Marsh Mallo Farm offers organically grown (but not certified), heirloom and open-pollinated produce as well as pork and grass/milk-fed lamb and maple syrup. We are pleased to partner with other small, local producers to also offer artisan cheese, yogurt, eggs, raw honey, pastured beef and chicken shares for pickup in the Capital District.
Produce shares include tomatoes, garlic, onions, carrots, cabbages, winter & summer squash, kale, snap peas, radishes, beans, turnips, broccoli, lettuce, beets, peppers, cucumbers, and much more!
The season runs 20 weeks from mid-June through October
Should I get a full share or a half share? How much is in each? A full share is about a standard sized grocery bag full of veggies, generally enough for a family of four or couple who really enjoy cooking with vegetables on a daily basis. A half share is approximately 60% of the size of the full share. A good amount of vegetables for a single person that cooks daily, a couple, or a busy family that cooks 2-3 times a week. Full shares will have more of a variety of vegetables than half shares.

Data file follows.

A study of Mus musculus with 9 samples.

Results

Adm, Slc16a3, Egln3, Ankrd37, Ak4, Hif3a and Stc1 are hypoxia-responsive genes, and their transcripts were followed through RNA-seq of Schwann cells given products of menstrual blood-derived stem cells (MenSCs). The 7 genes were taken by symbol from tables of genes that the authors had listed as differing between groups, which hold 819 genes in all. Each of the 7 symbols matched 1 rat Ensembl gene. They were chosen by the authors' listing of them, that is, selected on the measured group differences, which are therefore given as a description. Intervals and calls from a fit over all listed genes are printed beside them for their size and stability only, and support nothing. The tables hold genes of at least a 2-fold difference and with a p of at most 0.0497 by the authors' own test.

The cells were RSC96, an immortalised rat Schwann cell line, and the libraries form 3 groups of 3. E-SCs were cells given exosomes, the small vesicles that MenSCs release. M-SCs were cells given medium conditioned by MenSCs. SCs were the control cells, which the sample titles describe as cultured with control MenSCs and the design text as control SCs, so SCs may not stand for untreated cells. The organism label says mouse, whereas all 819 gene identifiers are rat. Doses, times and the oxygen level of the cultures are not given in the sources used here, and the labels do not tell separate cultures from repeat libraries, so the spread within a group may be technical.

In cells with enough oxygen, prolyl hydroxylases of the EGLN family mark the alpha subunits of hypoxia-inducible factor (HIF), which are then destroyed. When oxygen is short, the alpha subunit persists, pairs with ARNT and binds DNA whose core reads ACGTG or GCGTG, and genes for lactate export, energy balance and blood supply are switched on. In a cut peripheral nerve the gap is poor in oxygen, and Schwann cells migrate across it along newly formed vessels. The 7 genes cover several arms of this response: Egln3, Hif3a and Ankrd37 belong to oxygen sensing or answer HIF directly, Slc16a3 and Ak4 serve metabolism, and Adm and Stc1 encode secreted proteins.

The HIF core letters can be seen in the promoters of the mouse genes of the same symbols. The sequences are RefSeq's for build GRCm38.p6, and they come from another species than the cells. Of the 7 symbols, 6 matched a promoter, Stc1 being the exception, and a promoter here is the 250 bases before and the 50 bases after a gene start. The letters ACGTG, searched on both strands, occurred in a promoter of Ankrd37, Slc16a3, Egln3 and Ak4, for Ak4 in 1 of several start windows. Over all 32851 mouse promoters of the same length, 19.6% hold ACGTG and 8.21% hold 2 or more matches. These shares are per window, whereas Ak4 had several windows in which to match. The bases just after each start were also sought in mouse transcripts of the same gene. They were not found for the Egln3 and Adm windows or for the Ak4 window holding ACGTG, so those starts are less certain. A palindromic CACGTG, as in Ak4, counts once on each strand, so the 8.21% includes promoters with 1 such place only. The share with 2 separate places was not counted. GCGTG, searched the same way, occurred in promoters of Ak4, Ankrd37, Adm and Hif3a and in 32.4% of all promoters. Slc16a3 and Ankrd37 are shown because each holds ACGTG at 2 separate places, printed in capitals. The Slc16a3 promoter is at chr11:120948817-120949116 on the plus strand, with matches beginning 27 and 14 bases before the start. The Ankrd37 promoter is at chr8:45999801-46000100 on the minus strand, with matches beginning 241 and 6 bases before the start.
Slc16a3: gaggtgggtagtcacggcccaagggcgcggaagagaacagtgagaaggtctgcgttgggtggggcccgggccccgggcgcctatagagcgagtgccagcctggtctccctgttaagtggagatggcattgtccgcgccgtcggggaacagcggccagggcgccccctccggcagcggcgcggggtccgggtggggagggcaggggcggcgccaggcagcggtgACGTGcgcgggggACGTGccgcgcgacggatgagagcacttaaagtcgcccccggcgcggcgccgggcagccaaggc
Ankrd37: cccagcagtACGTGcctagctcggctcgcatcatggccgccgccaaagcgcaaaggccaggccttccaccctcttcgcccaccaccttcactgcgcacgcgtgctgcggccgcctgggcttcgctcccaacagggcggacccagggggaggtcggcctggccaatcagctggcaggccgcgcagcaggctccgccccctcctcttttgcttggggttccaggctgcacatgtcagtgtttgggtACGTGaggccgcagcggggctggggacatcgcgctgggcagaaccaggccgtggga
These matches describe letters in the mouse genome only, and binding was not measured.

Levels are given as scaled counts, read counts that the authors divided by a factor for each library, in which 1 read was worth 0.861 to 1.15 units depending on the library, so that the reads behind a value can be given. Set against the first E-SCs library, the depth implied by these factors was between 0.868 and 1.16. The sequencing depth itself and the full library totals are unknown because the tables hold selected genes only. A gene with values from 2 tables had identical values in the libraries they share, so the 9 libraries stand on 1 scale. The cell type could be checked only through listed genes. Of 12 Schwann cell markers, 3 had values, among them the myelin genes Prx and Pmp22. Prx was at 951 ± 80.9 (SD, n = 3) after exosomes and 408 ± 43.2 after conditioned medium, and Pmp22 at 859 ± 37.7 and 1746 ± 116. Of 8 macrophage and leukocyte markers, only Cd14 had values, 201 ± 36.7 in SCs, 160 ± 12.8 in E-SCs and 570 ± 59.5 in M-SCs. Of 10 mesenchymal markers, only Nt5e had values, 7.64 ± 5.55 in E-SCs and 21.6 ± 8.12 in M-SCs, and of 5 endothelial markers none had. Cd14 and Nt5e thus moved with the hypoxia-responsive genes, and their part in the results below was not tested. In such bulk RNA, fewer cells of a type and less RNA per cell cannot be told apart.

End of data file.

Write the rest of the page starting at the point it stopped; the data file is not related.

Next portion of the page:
What’s this open-pollinated business? Old-school heirloom, when you think about it, is really, really cool. It is the result of generations of farmers saving the seed from the very best of their annual crops to make the most perfect produce for their specific conditions. Mass-production of seed, while still considered heirloom, kind of ruins the concept. All heirloom seed is open-pollinated but not all open-pollinated is heirloom. Open-pollinated seeds breed true to type, meaning the seeds produced by the parent plants will reliably grow into plants with the same characteristics. A newer hybrid (an artificial cross between types), over generations, can stabilize and open-pollinate for true-to-type offspring. Anybody can save seed from their heirloom or open-pollinated varieties to grow the next year. This is a very good thing. When we have not been able to find a reliable heirloom variety of something (e.g. broccoli), we do grow conventional, accounting for less than 15% of our seed.
What does one do with a Phoona Kheera? Adventure in the garden is adventure in the kitchen. If you love the idea of trying new varieties and eating with the season, that’s a good indication you’ll like us. If you must eat lettuce in July or have tomatoes in June, we’re not your farm. [You can do with a Phoona Kheera anything you would do with a conventional cucumber.]